Are Natural Flavors and Stevia Bad?

Are Natural Flavors and Stevia Bad?

Take a look at a handful of processed food and drink items in the grocery store and you’re sure to see “natural flavors” and high-potency sweeteners like stevia, sucralose, and erythritol listed in the ingredients. These are flavoring and sweetening agents that food manufacturers add to their products to enhance the taste. No harm in that, right? Sadly, that’s not always the case. In this article, we’re going to discuss why it’s in your best interest to avoid products that contain natural flavors and high-potency sweeteners—and what you should look for instead!

What exactly are natural flavors?

A “natural flavor” is any type of flavor additive derived or altered from a natural plant or animal substance. While this might sound safe, the reality is that “natural flavors” aren’t really natural at all. They’re made in a lab and often contain artificial ingredients. In fact, as long as at least 80 percent of the flavor comes from a “naturally occurring” source, companies can list it as “natural.” The remaining 20 percent can be whatever the company wants to add in, artificial or otherwise.

Even worse, the 80 percent of “naturally occurring” ingredients may not even include the natural source it’s meant to resemble. Take castoreum, for example. This food additive has a strawberry-vanilla taste and has been used for at least 80 years to flavor ice cream, pudding, gum, sodas, and other desserts. So, it’s derived from strawberries, right? We wish! Castoreum is actually an excretion that comes from the castor sac of a beaver—a pouch on a beaver’s backside that stores the spray they use to mark their territory. As such, castoreum is usually mixed with anal gland secretions and urine. Anyone else just lose their appetite?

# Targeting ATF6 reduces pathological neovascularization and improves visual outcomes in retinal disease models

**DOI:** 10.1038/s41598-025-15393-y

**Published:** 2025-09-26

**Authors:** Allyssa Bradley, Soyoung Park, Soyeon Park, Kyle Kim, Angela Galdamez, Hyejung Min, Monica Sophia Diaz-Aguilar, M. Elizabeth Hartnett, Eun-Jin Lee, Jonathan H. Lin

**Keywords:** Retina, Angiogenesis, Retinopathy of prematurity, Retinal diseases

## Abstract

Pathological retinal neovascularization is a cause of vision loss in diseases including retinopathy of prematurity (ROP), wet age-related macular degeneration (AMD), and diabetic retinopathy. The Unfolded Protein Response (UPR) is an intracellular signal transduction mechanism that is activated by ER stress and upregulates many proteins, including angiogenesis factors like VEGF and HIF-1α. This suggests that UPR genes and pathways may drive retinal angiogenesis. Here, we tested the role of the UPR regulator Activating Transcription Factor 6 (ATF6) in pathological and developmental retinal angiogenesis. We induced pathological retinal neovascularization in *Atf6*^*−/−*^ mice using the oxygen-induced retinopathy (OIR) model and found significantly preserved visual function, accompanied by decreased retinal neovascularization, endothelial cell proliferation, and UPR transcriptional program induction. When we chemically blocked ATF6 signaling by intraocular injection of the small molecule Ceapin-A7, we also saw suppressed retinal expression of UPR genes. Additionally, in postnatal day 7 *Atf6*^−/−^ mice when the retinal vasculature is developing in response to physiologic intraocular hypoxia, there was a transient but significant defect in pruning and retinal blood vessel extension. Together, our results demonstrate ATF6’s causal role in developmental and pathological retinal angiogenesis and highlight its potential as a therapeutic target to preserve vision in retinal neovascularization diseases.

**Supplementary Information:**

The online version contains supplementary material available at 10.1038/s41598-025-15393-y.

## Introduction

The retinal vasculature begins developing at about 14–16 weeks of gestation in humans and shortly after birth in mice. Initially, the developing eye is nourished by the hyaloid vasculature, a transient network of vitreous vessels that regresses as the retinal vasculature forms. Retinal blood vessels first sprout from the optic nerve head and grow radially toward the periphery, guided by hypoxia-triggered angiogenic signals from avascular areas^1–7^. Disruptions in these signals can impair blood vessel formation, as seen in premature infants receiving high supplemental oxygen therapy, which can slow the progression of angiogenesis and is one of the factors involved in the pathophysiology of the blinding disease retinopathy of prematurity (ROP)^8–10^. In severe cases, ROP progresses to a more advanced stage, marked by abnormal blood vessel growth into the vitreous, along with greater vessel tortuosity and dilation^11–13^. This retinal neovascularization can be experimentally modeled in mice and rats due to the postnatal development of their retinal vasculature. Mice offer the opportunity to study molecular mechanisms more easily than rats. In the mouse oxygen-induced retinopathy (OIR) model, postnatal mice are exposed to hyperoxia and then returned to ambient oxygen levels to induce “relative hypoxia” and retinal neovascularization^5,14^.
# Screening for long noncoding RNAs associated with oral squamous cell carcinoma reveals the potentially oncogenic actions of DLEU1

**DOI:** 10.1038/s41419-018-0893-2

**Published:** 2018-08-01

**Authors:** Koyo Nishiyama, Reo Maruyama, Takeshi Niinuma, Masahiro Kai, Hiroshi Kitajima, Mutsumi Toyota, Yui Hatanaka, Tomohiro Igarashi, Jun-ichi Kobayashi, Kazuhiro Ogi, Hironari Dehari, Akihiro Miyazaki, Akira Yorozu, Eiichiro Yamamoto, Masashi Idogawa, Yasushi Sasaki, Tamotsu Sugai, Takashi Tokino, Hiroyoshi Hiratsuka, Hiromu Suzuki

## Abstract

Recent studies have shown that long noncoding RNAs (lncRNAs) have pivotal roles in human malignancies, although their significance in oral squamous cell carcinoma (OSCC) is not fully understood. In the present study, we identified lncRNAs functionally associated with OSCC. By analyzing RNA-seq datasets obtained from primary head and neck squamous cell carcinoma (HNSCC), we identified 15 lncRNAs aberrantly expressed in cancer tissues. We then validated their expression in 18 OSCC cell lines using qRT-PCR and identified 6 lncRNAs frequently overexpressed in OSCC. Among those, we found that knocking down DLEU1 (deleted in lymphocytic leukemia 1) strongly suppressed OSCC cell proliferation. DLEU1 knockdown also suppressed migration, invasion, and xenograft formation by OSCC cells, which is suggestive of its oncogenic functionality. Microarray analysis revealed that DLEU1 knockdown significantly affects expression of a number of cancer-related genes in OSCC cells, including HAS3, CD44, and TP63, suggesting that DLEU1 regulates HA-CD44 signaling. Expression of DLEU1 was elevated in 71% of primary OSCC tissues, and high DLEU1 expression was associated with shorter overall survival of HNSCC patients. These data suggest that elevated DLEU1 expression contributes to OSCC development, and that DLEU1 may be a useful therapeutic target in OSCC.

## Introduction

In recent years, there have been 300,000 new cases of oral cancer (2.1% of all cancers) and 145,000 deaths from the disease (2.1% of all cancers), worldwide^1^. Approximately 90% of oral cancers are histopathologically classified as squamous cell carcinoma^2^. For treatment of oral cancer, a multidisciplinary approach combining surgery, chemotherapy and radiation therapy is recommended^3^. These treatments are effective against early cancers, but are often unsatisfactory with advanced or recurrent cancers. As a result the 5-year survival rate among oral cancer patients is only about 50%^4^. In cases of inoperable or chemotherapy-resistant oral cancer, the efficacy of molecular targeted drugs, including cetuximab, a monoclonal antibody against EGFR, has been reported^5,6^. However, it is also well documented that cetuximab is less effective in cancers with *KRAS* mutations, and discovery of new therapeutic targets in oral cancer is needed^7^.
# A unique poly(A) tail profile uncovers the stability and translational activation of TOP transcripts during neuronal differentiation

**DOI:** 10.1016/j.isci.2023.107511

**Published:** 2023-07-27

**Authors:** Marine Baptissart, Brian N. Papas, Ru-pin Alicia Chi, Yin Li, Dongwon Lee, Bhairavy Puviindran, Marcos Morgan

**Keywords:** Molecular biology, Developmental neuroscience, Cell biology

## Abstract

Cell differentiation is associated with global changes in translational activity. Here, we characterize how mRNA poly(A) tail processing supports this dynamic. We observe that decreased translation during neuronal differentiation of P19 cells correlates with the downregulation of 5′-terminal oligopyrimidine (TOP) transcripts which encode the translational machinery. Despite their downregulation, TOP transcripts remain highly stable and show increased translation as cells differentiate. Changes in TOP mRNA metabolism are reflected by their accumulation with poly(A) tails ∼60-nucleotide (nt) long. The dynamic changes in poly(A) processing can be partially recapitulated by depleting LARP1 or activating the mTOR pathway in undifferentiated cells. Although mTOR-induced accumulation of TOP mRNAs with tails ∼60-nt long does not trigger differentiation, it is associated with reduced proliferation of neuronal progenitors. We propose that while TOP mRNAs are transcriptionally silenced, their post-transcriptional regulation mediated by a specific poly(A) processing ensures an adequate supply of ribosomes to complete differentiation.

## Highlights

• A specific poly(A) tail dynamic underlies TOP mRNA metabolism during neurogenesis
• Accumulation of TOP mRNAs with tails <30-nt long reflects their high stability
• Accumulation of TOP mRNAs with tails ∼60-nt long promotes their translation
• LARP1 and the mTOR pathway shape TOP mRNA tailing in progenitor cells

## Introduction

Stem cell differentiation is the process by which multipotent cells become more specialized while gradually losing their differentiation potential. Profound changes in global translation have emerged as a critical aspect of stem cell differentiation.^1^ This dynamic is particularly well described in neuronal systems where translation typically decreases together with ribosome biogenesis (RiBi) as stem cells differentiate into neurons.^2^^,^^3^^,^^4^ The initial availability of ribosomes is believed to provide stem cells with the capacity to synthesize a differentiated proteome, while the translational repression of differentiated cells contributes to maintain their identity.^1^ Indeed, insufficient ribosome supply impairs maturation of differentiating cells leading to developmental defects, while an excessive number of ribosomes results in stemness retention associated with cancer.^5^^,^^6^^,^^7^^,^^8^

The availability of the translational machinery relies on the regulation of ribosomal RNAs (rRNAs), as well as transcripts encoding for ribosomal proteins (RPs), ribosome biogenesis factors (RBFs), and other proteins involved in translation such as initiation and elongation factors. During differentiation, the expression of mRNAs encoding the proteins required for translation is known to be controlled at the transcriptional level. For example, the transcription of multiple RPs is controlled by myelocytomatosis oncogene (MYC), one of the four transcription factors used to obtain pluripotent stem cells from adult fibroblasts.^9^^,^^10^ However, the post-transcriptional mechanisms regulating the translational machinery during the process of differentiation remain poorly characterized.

What are high-potency sweeteners?

High-potency sweeteners, such as stevia, erythritol, aspartame, and sucralose, are other types of ingredients you should avoid. These sweeteners offer intense sweetness without providing substantial (or any) calories and are far more potent than table sugar and high-fructose corn syrup. Research shows that consuming these sweeteners, which are about 200 times sweeter than normal sugar, can actually change your taste buds so you find naturally sweet foods, such as fruit, less appealing and unsweet foods, such as vegetables, downright unpalatable. Research also suggests that high-potency sweeteners may also contribute to weight gain over time.  

As if that wasn’t enough, there has been a lot of debate over the safety of these sweeteners, especially aspartame and sucralose. In one study, daily consumption of diet drinks was associated with a 36 percent greater risk for metabolic syndrome and a 67 percent increased risk for type 2 diabetes.

What you should eat instead?

So, if natural flavors and high-potency sweeteners are out, are there any sweeteners you can eat? Thankfully, yes! Real-food sweeteners, such as honey, maple syrup, and unrefined coconut sugar, can add the perfect touch of sweetness without any negative effects. Unlike “natural flavors,” real-food sweeteners truly are natural and what you see is what you get. There are no hidden, artificial ingredients or beaver secretions camouflaged as strawberry flavor—just pure ingredients from Mother Nature.

As a bonus, some real-food sweeteners actually have health benefits. For example, honey is a good source of antioxidants and has antibacterial and antifungal properties.

At Lovebird, our organic, grain-free cereal is sweetened with nature, not science. Our products don’t contain any refined sugar—just organic honey and a touch of organic coconut sugar for a slightly sweet taste. Delicious and healthy? Talk about a win-win!